Biological & Chemical Sciences News

Find out about the latest research and news from the Department of Biological & Chemical Sciences at NYIT.

NYIT students take first place for their research on bacteriophages

Apr 16, 2019

NYIT students from the Life Sciences department presented their research at a science symposium. Natalia Reynisdottir, Brianna Weiss, and Lovejit Kaur who conduct research with Assistant Professor Bryan Gibb, Ph.D. on bacteriophages. Bacteriophages are viruses that infect bacteria and recently have caught attention for their potential to be used an alternative therapy for treating antibiotic resistant bacterial infections.

The annual symposium brings together faculty of students from NYC area schools that participate Science Education Alliance Phage Hunters Program. SEA-PHAGES is a prestigious program that NYIT was recently invited to join and will be running our first section of the course in Fall 2019.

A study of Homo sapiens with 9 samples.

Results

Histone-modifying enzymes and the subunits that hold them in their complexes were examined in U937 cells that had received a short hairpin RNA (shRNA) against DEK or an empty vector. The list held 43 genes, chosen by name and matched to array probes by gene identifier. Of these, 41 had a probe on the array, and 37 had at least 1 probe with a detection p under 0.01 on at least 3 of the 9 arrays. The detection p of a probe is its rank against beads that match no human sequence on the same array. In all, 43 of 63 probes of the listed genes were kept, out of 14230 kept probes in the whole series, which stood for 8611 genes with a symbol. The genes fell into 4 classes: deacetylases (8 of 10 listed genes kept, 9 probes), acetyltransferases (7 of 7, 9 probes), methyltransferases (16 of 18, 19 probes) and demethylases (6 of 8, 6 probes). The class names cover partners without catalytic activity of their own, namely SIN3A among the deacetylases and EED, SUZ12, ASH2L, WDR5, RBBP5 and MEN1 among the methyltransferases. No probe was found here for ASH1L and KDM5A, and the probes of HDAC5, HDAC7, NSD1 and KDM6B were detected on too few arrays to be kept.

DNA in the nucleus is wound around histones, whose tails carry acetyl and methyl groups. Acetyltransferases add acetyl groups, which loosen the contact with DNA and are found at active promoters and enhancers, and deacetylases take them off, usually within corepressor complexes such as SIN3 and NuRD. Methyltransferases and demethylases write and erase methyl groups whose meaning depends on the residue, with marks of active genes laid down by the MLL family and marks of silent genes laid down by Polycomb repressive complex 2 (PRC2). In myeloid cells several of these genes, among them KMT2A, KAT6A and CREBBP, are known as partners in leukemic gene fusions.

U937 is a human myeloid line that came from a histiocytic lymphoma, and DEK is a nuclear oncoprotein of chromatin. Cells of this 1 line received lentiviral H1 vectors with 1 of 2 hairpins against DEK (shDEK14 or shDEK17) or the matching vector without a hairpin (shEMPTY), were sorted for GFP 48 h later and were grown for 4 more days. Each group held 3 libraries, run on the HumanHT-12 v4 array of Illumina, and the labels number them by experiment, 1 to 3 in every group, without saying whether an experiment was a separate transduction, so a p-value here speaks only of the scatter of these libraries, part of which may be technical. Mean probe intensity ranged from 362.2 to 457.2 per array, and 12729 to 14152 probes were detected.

Natalia won an award for best talk at the symposium for describing her work finding novel bacteriophages that infect Citrobacter freundii, an enteric bacteria that can cause a variety of opportunistic infections. Citrobacter, like many other bacteria is rapidly acquiring resistance to antibiotics, so novel treatments are necessary. Natalia isolated and characterized bacteriophages from local sewage that may have the potential to be used therapeutically. In fact, these phages were sent to another lab in an effort to save a sea turtle suffering from an antibiotic resistant Citrobacter infection in its shell.

Brianna and Lovejit won an award for best poster at the symposium for their work describing bacteriophages isolated from kitchen sponges. Kitchen sponges have the potential to harbor a huge variety of microbes, including pathogens. Brianna, Lovejit and another former student, Linesha Davis were successful in isolating bacteriophages from dirty kitchen sponges. The ongoing research seeks to understand the nature of the bacteriophages and the host bacteria, which was also isolated from the sponges. This work will help us understand the microbial environment of the kitchen sponges.

If you would like to learn more about these projects, Natalia, Brianna and Lovejit will be presenting their work at SOURCE on April 26th.